6-Apr-18 With less than two weeks before the new law takes effect, a lawsuit will challenge the constitutionality of an ordinance aimed at protecting the privacy of condominium unit owners.
Shorge Sato has filed a lawsuit in Cook County Circuit Court, asking a judge to void the ordinance, passed on March 28, that makes names, addresses, email addresses, telephone numbers, and weighted vote of each owner exempt from records a condo association must make available to an owner within ten business days of a written request.
Sato is a lawyer, unit owner, and secretary on his buildings condo board. He says the ordinance restricts owners from learning who is voting in condo board elections and what the actual results are, beyond what the condo board shares with owners.
He says the ordinance would prevent owners from knowing if they are being misled about a board election. Incumbent directors, he says, could freely discard ballots, manufacture proxies, stuff ballot boxes, manipulate election results, and declare victors and losers without any meaningful ability to contest or challenge.
Without knowing weighted votes of each owner, indicating relative influence on board elections, owners, says the lawsuit, would be unable to determine if elections are honest. The ordinance would then make it difficult for owners to organize opposition to their condo board.
||In the name of privacy, the [ordinance] would restrict the ability of condominium owners to hear any dissenting voices to the party line of the condo board, says Sato (left) in his lawsuit, filed on March 30.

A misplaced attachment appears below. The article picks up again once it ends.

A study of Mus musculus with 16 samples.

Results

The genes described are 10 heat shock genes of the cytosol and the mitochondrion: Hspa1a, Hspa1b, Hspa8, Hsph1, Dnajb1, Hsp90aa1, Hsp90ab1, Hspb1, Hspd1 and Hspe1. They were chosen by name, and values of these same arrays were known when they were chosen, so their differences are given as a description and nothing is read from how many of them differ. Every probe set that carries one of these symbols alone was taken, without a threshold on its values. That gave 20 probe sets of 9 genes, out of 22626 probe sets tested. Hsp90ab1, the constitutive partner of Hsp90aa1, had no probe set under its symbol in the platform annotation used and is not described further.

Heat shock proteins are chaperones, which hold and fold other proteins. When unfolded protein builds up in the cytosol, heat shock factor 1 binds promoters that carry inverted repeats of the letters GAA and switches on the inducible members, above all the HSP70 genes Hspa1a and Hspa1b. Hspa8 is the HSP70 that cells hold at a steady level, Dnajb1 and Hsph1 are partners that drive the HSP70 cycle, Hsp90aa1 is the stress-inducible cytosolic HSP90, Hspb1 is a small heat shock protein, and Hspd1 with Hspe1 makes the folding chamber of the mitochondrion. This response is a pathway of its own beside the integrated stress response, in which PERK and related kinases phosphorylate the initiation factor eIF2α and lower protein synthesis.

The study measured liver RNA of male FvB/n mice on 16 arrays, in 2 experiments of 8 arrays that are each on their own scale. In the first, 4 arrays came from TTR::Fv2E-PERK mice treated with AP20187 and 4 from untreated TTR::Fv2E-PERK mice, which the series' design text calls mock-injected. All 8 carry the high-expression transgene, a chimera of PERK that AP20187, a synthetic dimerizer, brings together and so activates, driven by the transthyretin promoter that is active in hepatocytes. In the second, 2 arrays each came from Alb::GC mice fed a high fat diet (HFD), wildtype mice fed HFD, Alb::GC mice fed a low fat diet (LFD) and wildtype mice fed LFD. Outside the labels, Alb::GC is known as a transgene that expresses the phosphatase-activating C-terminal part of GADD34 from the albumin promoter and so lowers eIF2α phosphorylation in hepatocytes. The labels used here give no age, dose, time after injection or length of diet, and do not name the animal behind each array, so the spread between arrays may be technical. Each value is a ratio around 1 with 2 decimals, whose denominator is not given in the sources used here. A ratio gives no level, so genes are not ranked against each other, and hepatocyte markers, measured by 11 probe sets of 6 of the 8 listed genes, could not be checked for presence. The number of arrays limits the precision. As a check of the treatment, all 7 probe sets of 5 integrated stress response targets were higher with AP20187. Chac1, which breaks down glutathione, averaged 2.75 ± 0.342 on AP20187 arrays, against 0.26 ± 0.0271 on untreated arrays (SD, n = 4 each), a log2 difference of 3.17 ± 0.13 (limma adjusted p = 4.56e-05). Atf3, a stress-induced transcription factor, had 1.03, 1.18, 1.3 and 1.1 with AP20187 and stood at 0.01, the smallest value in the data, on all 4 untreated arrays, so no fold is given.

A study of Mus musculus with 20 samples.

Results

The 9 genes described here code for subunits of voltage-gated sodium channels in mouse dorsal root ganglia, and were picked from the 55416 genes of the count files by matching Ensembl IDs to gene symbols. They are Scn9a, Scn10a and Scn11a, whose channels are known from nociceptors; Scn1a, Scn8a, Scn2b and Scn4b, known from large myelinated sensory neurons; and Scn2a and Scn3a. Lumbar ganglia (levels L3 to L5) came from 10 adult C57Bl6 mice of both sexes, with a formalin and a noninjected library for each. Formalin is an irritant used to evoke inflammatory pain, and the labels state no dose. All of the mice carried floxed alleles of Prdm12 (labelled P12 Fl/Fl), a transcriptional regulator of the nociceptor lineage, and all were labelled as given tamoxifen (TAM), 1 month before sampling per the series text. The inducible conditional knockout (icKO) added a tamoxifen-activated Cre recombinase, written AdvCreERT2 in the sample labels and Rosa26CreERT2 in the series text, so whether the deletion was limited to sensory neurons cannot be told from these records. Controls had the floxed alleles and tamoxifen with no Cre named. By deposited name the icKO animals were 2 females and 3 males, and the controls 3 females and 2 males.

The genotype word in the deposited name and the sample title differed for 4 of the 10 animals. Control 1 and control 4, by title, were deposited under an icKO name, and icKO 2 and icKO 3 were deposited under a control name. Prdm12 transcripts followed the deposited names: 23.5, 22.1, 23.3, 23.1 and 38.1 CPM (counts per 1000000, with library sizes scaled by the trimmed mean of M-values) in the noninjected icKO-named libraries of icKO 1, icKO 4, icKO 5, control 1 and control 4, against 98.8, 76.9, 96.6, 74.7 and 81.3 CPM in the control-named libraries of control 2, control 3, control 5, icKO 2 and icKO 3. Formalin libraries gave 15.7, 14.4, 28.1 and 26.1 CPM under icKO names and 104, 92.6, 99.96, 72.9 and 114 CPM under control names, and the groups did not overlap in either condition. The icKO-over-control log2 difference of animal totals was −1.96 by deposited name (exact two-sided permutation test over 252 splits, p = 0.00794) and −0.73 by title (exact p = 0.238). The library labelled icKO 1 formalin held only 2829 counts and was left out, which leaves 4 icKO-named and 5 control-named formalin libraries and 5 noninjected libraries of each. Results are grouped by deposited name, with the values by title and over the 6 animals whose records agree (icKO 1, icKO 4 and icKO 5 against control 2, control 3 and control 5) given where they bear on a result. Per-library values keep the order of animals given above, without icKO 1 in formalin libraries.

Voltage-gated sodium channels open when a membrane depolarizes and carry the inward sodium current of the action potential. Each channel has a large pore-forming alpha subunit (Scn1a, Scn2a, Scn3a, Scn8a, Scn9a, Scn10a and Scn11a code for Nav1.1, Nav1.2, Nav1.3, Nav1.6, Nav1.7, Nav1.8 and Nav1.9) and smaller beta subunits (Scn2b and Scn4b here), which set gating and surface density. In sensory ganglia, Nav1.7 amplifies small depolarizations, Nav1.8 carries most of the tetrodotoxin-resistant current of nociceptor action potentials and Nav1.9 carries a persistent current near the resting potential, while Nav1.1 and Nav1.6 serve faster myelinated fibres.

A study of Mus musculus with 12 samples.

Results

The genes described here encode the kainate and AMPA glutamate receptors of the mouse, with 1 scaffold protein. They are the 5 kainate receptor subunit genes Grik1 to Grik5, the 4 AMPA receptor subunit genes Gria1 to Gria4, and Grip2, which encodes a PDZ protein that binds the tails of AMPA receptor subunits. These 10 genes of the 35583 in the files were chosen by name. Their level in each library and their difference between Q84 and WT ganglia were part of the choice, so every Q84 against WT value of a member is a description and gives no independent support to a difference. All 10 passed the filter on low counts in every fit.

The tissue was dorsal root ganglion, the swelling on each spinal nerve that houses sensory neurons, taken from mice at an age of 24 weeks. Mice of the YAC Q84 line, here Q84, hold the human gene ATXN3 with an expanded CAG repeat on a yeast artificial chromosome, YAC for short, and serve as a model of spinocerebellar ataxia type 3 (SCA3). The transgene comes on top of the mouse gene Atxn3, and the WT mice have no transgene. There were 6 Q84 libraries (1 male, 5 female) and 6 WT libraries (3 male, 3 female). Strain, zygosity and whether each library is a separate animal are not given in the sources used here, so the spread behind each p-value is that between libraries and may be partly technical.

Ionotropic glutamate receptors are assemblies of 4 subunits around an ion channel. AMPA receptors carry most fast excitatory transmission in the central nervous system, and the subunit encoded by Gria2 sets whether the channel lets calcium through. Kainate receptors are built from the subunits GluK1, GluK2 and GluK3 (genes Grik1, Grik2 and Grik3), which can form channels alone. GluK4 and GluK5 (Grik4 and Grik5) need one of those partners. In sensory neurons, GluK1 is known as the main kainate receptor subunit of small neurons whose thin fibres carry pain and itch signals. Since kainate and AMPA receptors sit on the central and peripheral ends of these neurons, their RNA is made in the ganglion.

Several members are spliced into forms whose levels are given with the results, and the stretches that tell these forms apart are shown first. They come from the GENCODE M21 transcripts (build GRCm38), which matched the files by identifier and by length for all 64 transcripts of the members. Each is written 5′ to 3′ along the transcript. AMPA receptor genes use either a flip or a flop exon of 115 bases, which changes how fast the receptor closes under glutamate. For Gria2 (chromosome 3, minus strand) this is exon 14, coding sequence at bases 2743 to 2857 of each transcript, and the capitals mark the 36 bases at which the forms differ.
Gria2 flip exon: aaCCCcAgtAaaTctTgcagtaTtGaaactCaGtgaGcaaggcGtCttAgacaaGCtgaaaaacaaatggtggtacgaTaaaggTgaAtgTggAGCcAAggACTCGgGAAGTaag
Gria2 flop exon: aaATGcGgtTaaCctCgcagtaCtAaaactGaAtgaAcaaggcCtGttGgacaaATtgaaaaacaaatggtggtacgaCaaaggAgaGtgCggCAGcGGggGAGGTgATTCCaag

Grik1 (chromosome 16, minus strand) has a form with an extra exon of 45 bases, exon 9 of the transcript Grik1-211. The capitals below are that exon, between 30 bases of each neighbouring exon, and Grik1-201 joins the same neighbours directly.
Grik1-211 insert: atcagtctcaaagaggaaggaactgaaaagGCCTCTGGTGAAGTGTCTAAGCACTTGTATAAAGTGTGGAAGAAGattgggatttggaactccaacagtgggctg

Condominiums creatures of state law
Sato argues there is a conflict between a city ordinance that reverses state law and condominiums that cannot exist apart from state law.
Condominiums are creatures of state law, says the lawsuit. The City of Chicago has no right to tamper with the very definition of what a condominium is, and how it is to be governed, especially on issues of fundamental importance such as the rights of condo board outsiders to disseminate information, to associate with fellow unit owners, to campaign for election and/or to vote in free and equal elections.
He says the ordinance puts him, as a condo board secretary, in a legal bind because if a unit owner requests a unit owner list, election ballots, or proxies, I have conflicting legal obligations and duties under state law disclose and Chicago ordinance do not disclose.
The ordinance, says the lawsuit, infringes on the constitutional right of unit owners to due process of law specifically, that the city cannot enact an ordinance that disenfranchises condo unit owners and denies them the right to campaign and vote in free and equal elections.